Kidneys Home > Polycystic Kidney Disease Symptoms
A person with polycystic kidney disease will experience symptoms as a result of the damage caused by cysts (fluid-filled sacs) that develop in the kidneys. The signs and symptoms of polycystic kidney disease will vary based on the type of the condition a person has. For example, symptoms of autosomal dominant polycystic kidney disease include headaches and pain in the back and the sides. Polycystic kidney disease symptoms that may occur in someone with acquired cystic kidney disease include urinary tract infections and a decrease in urination.
When a person has polycystic kidney disease (PKD), clusters of fluid-filled sacs (cysts) develop in the kidneys and interfere with their ability to filter waste products from the blood. The growth of cysts causes the kidneys to become enlarged, and can lead to kidney failure. Cysts may also develop in other organs, particularly the liver, spleen, and pancreas. Symptoms occur because of these cysts and the damage they cause.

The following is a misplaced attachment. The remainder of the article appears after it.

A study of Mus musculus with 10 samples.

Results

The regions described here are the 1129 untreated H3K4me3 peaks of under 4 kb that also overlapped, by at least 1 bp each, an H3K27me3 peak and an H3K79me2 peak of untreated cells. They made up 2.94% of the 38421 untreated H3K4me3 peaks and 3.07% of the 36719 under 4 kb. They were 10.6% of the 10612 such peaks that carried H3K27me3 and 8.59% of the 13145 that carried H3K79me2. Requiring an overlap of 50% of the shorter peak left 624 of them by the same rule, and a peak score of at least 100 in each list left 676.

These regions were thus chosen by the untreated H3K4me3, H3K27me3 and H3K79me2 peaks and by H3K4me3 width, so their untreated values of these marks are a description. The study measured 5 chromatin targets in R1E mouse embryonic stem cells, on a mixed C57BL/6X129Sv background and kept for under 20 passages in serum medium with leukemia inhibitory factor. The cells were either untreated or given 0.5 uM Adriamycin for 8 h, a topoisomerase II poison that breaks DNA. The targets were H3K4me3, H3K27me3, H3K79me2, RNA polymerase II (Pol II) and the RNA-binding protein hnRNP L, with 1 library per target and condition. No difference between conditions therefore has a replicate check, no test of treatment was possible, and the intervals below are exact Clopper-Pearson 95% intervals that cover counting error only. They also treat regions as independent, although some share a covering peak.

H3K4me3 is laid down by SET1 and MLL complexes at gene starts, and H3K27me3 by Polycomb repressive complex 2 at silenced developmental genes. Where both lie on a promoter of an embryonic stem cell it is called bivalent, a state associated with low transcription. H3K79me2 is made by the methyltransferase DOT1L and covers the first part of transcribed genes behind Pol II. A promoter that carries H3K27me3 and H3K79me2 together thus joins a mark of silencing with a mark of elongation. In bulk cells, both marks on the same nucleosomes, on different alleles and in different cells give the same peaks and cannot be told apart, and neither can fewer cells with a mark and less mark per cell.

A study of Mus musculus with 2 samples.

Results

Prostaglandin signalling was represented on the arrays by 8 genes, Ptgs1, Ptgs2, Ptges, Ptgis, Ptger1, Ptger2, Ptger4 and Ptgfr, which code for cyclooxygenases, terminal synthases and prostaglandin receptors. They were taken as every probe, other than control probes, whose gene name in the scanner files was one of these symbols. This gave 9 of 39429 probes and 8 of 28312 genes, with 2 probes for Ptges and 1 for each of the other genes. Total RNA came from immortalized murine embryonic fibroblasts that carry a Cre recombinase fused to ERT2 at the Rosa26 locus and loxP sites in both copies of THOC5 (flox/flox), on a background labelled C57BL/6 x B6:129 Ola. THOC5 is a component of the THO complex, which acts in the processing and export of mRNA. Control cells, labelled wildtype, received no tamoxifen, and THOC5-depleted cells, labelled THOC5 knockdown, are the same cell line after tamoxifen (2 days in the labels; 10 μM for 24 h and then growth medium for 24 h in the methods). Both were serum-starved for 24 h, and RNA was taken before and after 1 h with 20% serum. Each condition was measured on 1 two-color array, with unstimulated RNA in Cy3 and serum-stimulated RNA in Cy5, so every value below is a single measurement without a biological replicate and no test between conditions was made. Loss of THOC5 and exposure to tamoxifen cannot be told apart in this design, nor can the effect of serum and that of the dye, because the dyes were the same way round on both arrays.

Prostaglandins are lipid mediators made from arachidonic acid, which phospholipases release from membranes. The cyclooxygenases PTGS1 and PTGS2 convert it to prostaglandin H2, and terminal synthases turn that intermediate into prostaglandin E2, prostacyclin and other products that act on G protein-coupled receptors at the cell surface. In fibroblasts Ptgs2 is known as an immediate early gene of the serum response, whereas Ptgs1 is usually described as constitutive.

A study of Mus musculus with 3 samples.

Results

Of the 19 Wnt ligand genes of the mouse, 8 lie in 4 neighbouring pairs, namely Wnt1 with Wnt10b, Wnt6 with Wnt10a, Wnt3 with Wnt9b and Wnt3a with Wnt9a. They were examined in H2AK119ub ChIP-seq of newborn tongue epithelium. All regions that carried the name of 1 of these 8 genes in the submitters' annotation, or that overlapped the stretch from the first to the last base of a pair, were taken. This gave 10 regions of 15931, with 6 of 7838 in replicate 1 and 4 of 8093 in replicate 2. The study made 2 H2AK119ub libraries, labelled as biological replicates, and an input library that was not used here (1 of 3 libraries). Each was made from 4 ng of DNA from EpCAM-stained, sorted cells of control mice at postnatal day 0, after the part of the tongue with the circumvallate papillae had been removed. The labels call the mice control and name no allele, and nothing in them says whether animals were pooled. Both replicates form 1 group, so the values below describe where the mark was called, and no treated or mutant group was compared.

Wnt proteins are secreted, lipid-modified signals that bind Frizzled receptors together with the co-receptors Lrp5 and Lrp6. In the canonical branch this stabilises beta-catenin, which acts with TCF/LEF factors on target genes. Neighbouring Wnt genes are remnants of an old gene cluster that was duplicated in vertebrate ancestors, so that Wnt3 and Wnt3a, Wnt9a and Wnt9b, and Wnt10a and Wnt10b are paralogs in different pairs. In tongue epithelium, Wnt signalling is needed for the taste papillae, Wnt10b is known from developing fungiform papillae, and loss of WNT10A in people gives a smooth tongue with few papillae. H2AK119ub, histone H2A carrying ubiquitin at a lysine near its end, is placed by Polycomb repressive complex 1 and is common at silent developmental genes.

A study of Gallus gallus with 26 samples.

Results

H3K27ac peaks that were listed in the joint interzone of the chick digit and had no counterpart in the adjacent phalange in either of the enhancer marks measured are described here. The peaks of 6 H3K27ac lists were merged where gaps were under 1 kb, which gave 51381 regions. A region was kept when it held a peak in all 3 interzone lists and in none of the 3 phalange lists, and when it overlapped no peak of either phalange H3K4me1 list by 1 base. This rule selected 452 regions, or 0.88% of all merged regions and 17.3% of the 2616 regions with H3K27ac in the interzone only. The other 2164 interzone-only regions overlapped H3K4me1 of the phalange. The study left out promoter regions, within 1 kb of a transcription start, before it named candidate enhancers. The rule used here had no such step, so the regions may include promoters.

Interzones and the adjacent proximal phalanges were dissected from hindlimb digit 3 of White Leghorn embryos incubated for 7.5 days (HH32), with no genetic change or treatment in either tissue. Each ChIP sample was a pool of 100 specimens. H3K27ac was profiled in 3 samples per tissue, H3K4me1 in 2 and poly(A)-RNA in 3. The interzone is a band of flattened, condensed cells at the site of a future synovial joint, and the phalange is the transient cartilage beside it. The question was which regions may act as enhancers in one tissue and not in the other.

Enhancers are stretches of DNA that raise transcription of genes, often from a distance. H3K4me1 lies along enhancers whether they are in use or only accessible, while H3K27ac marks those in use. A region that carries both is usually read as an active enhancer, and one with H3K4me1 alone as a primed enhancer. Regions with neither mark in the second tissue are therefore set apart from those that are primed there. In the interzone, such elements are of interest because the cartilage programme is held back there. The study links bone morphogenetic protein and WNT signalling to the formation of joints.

We will now look at symptoms associated with the three types of polycystic kidney disease:
- Autosomal dominant polycystic kidney disease
- Autosomal recessive polycystic kidney disease
- Acquired cystic kidney disease.
The most common symptoms of this condition are:
- Pain in the back and the sides (between the ribs and hips)
When a person experiences these headaches, the dull pain can be temporary or persistent, and mild or severe.
Other symptoms seen in autosomal dominant PKD include:
- Urinary tract infections (UTI)
- Hematuria (blood in the urine)
- High blood pressure
- Kidney stones
- Liver cysts
- Pancreatic cysts
- Abnormal heart valves
- Aneurysms (bulges in the walls of blood vessels) in the brain
- Diverticulosis (small sacs on the colon).